For the sake of this comparison we’re going to define strategy as how each of these two programs (and Florida under Meyer) have achieved their success levels.
In the case of Alabama in the Saban era, the strategy has been a stifling defense coupled with a run-dominated offense that in most years puts just enough points on the board to keep the wins coming.
To illustrate, since 2008 the Crimson Tide have only been ranked below No. 2 nationally in scoring defense once, a flagrant misdeed that occurred in 2010 when they finished the season ranked a lowly No. 10.
Offensively speaking, Alabama has slowly put more points on the board as the Saban era has marched on, but still the No. 12 national ranking in scoring in 2012 marks the high-water mark for the unit since 2007.
The only passing blip on the radar during Saban’s tenure at Alabama came in 2010 when the Tide finished No. 27 in passing yards. Other than that, the best mark came way back in 2007 when the No. 59 ranking was achieved.
The running numbers, the strategy that works best for Saban, are much healthier, averaging a No. 20 ranking from 2008 through 2012.
To begin our multi-pronged approach to looking at Ohio State’s strategy, we’ll start with a quick glance back at what made the Buckeyes successful under Tressel and then move on to the more relevant business of Urban Meyer’s resume.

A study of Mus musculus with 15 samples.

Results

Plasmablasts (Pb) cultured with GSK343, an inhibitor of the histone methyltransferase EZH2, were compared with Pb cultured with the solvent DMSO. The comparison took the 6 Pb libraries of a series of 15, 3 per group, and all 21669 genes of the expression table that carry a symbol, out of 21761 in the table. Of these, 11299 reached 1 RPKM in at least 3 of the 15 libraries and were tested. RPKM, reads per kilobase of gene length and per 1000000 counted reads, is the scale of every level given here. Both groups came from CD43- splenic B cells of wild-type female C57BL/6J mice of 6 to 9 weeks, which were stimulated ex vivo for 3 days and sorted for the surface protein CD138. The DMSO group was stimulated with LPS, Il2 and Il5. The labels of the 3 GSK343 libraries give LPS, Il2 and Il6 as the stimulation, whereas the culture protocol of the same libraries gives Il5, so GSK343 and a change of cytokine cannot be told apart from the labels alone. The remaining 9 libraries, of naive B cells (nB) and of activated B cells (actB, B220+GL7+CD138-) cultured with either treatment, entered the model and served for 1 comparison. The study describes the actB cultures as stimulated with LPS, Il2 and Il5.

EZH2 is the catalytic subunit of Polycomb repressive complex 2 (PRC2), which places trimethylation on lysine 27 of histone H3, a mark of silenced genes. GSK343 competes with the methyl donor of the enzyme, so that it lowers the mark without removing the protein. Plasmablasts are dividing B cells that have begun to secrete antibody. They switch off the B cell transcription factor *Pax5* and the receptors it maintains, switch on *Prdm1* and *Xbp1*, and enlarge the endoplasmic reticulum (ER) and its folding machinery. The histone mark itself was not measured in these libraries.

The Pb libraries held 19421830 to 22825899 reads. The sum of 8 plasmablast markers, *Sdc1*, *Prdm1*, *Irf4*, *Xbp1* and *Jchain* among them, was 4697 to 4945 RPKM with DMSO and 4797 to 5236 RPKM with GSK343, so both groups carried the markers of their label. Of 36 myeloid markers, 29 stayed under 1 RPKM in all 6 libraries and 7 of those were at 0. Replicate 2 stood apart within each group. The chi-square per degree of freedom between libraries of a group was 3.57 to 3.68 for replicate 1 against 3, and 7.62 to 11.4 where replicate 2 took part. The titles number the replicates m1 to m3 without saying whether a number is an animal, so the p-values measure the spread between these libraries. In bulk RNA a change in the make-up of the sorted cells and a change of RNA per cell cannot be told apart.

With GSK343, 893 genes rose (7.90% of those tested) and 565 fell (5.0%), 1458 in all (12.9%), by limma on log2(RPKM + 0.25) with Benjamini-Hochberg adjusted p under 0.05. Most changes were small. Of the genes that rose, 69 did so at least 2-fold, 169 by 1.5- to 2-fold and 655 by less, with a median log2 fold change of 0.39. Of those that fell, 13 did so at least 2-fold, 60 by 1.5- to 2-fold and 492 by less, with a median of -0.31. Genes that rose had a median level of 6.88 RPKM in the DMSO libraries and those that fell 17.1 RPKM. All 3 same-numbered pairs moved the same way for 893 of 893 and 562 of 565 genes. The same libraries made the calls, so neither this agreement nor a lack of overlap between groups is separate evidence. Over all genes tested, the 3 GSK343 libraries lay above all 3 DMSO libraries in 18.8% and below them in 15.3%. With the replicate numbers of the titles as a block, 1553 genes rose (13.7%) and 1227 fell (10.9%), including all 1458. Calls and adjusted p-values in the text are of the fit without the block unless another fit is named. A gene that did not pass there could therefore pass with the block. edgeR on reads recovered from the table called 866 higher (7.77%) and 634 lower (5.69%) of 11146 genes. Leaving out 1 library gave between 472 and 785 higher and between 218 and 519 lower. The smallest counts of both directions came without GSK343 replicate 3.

During the final four seasons of the Tressel era, Ohio State, like Alabama, was all about stifling defense and again, like the Tide, the Buckeyes weren’t likely to light up the scoreboard.
Ohio State never fell out of the top six in scoring defense from 2007 to 2010, giving it very similar numbers to the Crimson Tide of the same time period.
The Buckeyes did rise to a No. 11 ranking in scoring in 2010, but other than that they never made the kind of progress under Tressel that the Tide made have managed under Saban.
What’s most striking when looking back at the Buckeyes' offensive stats is their imbalance from a run/pass standpoint.
To illustrate, in 2008 and 2009 Ohio State ranked No. 24 and No. 19 nationally in rushing yards, while during the same years it ranked No. 105 and No. 104 in passing yards. It was a one-dimensional attack to the max.
Moving on to Urban Meyer’s strategy during his tenure at Florida and then during his single-season thus far at Ohio State, we first see continuity from the standpoint of rushing being the offensive emphasis.
Though his offense might look completely different than that of Tressel’s at Ohio State or Saban’s at Alabama, Meyer’s Gator products and one Buckeye team share the common trait of scoring points on the ground as opposed to through the air.
But, this is where the similarities stop.
Yes, Meyer fielded No. 4 ranked scoring defenses at Florida in 2008 and 2009, but other than those two high marks, his 2007 D ranked No. 46, his 2010 product was rated No. 29 and his 2012 squad was ranked No. 31.
Not necessarily the top-five stuff we’ve seen out of Saban and Tressel.
Next, you’ve got the fact that historically, Meyer fields teams that are going to score some serious points.
For example, the Gators finished each of the 2007 through 2009 seasons ranked in the top 10 in points scored. His first product at Ohio State was ranked No. 21 (the second highest finish for the Bucks in six tries).
At the end of the day, Meyer’s path isn’t necessarily the same as Tressel’s was or Saban’s is.